The Williams-Insalaco Gallery 34 at FLCC will open an exhibit of photography and accompanying poems inspired by the photos on Thursday, March 2.
The exhibit, “Keeping a Promise,” features photographs by the late Joe Ripperger with poems by his aunt, retired FLCC humanities professor Barbara Murphy. The title is a reference to Murphy’s work to complete the exhibit after Ripperger passed away in 2019.
Murphy will give a talk on March 2 from 2 to 3 p.m. and welcome guests at an opening reception from 4 to 6:30 p.m. The events are free and open to the public. The gallery is on the first floor of the main campus at 3325 Marvin Sands Drive. The exhibit runs through April 7.
“My talk will focus on the collaboration that was involved in the creation of the ekphrastic poems,” Murphy explained, referring to the term for poetry inspired by works of art. “I will also explain what happened when the project Joe and I started seemingly came to an end when he passed away and how the project evolved and continued.”
Murphy and Ripperger began talking about a collaboration in early 2019.
“I had taken a week-long poetry course at Writers and Books in January, and one of the instructors had asked us to write some ekphrastic poems. I had fun with it and thought it could be fun to collaborate with Joe,” she explained.
“He came to my house with his laptop and showed me some photos and sent me others. I wrote some poems, and he did give me feedback on those first few poems. I told him about an online journal called ‘The Ekphrastic Review’ and said that maybe we could submit something. He liked that idea. We also talked about how cool it would be to find a place in Rochester to exhibit his work.”
Joe, who had bipolar disorder, died by suicide in June.
“I wrote Joe’s eulogy and began to write poems about the experience of losing him,” Murphy said. “I asked his father for Joe’s hard drive and started working on the ekphrastic poems, obviously without Joe, but it seemed important to finish what we had started. I was amazed at the number and beauty of the photos.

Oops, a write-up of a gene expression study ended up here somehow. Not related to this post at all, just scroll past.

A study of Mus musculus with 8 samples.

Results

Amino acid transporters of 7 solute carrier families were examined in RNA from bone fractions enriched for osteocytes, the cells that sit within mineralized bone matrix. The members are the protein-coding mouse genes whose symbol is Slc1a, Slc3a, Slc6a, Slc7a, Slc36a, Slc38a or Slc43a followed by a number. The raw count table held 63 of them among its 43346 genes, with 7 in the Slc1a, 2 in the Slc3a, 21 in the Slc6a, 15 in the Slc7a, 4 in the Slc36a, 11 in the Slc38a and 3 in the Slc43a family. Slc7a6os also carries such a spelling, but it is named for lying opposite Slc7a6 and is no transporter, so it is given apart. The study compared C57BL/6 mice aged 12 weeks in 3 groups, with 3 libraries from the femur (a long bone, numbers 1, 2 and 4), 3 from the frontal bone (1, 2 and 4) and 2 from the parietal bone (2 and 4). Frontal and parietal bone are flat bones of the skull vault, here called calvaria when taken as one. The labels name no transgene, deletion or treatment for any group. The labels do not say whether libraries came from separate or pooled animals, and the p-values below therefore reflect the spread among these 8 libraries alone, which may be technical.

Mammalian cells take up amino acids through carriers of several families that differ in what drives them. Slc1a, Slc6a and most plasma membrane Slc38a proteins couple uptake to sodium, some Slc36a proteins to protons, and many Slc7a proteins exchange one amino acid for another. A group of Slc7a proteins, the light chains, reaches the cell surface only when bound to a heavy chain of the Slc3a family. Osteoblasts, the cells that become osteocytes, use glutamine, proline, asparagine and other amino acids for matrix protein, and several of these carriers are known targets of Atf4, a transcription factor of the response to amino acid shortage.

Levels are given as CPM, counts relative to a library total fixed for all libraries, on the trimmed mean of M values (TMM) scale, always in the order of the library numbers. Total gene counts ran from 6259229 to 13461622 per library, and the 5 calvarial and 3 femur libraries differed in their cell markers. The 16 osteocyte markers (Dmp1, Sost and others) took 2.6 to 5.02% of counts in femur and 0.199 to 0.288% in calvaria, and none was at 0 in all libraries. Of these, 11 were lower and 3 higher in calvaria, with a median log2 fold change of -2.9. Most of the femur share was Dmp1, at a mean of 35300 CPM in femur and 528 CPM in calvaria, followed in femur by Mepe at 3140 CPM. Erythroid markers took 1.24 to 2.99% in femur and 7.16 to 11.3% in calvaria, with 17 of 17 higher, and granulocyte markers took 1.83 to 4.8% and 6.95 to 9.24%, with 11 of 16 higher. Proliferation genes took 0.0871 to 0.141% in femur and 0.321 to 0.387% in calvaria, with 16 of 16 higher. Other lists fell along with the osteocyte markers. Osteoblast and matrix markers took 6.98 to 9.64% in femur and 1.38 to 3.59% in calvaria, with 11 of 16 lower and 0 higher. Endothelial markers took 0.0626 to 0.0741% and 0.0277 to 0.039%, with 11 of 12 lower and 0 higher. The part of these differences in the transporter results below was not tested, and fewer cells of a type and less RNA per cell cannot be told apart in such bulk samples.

“The writing that corresponded to his photos and the writing that reflected my grief turned into a book. As the book, after many revisions, seemed to be finished, I thought, ‘I’ve got to find a place to exhibit Joe’s work!’ That desire eventually led me to the Mental Health Association of Rochester.”
The exhibit was first staged last year at the Mental Health Association of Rochester’s office on North Goodman Street and then at the Joy Gallery on West Main Street in Rochester. Barron Naegel, director of FLCC’s Williams-Insalaco Gallery 34, attended the closing reception at the Joy Gallery and invited her to bring the show to the college.
“The purpose of the exhibit is to celebrate what he saw through his lens and to, in a way, keep the promise to find someplace to exhibit his work,” Murphy said, adding, “He was a sweet guy with a sarcastic streak. He loved taking pictures of many subjects, including his friends, baseball games, flowers, and downtown Rochester. He had a sly sense of humor, and, very importantly, he was always trying to better himself. Being diagnosed with bipolar disorder at 16 or 17 began a lifetime of struggle, but his curiosity about the world and his camera were mainstays in his life.”
For questions about the exhibit or the gallery, contact Naegel at firstname.lastname@example.org or (585) 785-1369. The gallery is open weekdays when classes are in session (closed from March 20 to 26) and weekends from noon to 5 p.m.
Editor’s note: Barbara Murphy submitted one of Joe Ripperger’s photos and a poem in to “The Ekphrastic Review.” It was accepted and published in September 2019. Read it here.